May 30, 2024 | Latest Issue
The Dartmouth

US Department of Justice files statement of interest supporting plaintiffs in financial aid lawsuit against Dartmouth

In January, plaintiffs sued Dartmouth and 16 other colleges and universities for allegedly violating federal antitrust laws and inflating the cost of attendance. The statement of interest rebutted key points the defendants had made to dismiss the suit.


According to the suit, the defendants formed a “cartel” through the 568 Presidents’ Group, a consortium created to standardize financial aid protocols in 1998.

The statement noted that the defendants’ interpretation and arguments made in a joint motion to dismiss the case in April rested on several “legal errors.” Furthermore, the statement supported the plaintiffs’ allegation that Dartmouth — as well as eight other universities in 568 Presidents’ Group — have colluded on price-fixing through using a “consensus methodology:” A formula to determine the amount of financial aid given to a student in need of a scholarship. This collusion “eliminates an important dimension of price competition among schools,” the report wrote.

Robert Gilbert, managing partner of Gilbert Litigators & Counselors –– one of three lead law firms for the plaintiffs, along with Roche Freedman and Berner Montauge and FeganScott –– wrote in an email statement to The Dartmouth that the firm is “ very pleased that the Department of Justice has filed this statement supporting Plaintiffs on the key issues in this case.”

The plaintiffs make up more than 170,000 students of middle and lower class families who were harmed by the defendants’ “price-fixing,” according to a press release from 568Cartel.com –– the website of the law firms representing the plaintiffs.  

According to Gilbert, the College has the means within its unrestricted endowment to provide students with the additional financial aid that they need. 

“The plaintiffs’ filing with the court on June 13 showed that by devoting only 2% of its unrestricted endowment to additional scholarships, Dartmouth could provide on average an additional $17,715 in scholarship funds to every financial aid student each year –– all while continuing to grow its endowment,” Gilbert wrote. 

These universities could be immune from violating antitrust laws with the 568 Exemption of the Improving America’s Schools Act of 1994, which states that two or more colleges or universities may institute standard financial aid practices on the condition that all parties admit students regardless of the students’ “financial circumstances.”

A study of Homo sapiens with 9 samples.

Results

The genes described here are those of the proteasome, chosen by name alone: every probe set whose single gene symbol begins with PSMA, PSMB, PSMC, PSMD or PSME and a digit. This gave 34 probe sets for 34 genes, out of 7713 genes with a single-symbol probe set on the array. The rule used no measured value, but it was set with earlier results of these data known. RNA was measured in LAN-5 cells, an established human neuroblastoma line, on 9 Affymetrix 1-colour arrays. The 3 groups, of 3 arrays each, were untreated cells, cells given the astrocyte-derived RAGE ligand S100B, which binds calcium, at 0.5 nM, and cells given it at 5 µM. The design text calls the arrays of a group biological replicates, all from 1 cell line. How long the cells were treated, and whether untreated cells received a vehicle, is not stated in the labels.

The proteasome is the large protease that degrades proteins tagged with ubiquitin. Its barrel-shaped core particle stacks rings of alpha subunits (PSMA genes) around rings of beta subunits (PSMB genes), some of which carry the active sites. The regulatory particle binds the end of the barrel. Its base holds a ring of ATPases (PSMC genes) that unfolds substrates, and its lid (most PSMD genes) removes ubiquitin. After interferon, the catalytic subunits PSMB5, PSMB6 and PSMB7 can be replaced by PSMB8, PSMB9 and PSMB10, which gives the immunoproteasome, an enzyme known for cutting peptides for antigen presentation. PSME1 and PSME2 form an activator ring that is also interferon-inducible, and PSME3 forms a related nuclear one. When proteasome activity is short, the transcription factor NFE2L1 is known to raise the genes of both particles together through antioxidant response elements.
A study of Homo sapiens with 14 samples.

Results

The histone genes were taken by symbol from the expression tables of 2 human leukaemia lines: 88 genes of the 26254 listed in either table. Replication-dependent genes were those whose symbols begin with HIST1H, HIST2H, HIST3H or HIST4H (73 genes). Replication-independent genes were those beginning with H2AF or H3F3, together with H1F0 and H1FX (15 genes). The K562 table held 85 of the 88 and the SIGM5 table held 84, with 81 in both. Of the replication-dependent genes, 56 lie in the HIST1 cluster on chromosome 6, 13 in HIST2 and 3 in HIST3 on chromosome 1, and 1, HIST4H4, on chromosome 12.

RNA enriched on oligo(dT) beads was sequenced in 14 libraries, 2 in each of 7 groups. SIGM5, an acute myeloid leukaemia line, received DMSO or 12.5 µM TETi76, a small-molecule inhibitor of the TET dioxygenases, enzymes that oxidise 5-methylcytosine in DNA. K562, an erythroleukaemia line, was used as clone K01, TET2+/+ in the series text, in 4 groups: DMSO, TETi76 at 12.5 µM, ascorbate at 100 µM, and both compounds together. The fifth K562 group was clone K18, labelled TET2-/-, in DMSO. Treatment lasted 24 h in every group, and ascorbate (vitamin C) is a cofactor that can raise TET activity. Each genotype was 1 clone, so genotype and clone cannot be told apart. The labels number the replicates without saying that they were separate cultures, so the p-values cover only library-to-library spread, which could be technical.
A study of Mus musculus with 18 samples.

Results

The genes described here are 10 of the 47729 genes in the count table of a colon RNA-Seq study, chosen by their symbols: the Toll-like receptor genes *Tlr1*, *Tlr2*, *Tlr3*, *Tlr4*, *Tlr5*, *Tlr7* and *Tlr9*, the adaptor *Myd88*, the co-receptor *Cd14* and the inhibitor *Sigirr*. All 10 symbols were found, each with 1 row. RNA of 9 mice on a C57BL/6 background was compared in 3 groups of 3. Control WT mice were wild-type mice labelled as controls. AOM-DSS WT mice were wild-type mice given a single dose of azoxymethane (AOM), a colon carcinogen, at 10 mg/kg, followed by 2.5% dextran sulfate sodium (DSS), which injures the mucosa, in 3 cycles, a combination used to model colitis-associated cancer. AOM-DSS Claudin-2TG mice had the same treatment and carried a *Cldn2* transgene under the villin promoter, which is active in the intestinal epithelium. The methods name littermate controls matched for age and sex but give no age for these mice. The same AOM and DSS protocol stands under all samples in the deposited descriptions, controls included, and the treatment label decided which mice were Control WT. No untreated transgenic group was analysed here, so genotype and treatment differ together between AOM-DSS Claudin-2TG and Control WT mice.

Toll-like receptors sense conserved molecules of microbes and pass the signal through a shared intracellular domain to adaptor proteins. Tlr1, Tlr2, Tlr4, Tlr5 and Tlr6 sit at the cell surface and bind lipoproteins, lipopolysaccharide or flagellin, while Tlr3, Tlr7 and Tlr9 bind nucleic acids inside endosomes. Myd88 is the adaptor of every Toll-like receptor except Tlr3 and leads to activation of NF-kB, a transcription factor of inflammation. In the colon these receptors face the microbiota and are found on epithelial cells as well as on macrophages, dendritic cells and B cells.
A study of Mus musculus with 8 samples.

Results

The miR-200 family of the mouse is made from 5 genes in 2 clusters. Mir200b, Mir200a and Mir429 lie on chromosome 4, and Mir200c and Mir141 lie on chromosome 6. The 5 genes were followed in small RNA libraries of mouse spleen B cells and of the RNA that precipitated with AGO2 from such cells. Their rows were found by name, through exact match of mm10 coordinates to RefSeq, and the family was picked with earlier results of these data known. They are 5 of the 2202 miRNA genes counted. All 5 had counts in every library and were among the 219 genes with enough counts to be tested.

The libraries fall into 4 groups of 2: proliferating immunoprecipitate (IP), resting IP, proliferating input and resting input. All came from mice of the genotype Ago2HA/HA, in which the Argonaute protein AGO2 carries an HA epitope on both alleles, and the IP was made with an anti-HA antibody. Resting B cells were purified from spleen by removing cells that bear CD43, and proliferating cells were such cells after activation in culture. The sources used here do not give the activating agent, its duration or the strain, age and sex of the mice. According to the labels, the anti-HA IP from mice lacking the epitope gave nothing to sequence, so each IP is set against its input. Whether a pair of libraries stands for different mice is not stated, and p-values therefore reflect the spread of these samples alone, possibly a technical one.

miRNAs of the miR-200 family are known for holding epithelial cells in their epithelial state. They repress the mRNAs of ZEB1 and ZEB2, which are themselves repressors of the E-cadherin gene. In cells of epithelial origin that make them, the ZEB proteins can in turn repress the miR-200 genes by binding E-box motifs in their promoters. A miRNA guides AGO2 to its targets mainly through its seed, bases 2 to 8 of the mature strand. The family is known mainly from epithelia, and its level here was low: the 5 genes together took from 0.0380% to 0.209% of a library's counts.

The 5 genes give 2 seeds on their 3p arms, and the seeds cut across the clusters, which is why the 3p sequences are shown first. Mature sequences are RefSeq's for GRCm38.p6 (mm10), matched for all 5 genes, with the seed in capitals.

However, the statement of interest also affirmed that for a college or university to qualify as need-blind, “all students” must be admitted on a need-blind basis regardless of how wealthy they are and when they are admitted, as stated in the 568 Exemption. The plaintiffs allege that Dartmouth and eight other universities are not need-blind — and therefore due not qualify for the 568 Exemption — due to their use of enrollment management, a software that helps with student admissions and can shape a class’s enrollment demographics, which may allow colleges to shape their class’s ability to pay. 

“‘All’ means ‘all’ and does not allow the defendants to carve out thousands of waitlist students, or transfer students or any other group to be treated otherwise,” Gilbert wrote.  

In addition, the statement of interest acknowledges that colleges and universities in the 568 Presidents’ Group with a need-blind admissions policy will be held accountable for colluding with colleges and universities without a need-blind admissions policy, as this violates the 568 Exemption. 

According to the statement of interest, the defendants also misinterpreted the Sherman Antitrust Act of 1890, which outlaws monopolies in favor of free market competition.

“The Defendants suggest that plaintiffs cannot establish a Sherman Act violation unless Defendants have ‘actual knowledge’ that their conduct was unlawful,” according to the statement. “But that is not the law.” 

In addition to Dartmouth, the other defendants in the lawsuit are Brown University, the California Institute of Technology, Columbia University, Cornell University, Duke University, Emory University, Georgetown University, Johns Hopkins University, the Massachusetts Institute of Technology, Northwestern University, Rice University, the University of Chicago, the University of Notre Dame, the University of Pennsylvania, Vanderbilt University and Yale University. 

College spokesperson Diana Lawrence declined to comment on the U.S. Department of Justice’s statement of interest due to the fact that the case is still an “ongoing legal matter.”

Correction appended (July 15, 2:16 p.m.): A previous version of this article incorrectly referred to the Sherman Act of 1980. The act is titled the Sherman Antitrust Act of 1890. This article has been updated.


Kristin Chapman

Kristin Chapman ’24 is an English major and Spanish minor from Rye, New York. She currently serves as the editor-in-chief and previously wrote and edited for the News section. In her free time, she enjoys reading books, running, hiking and doing yoga.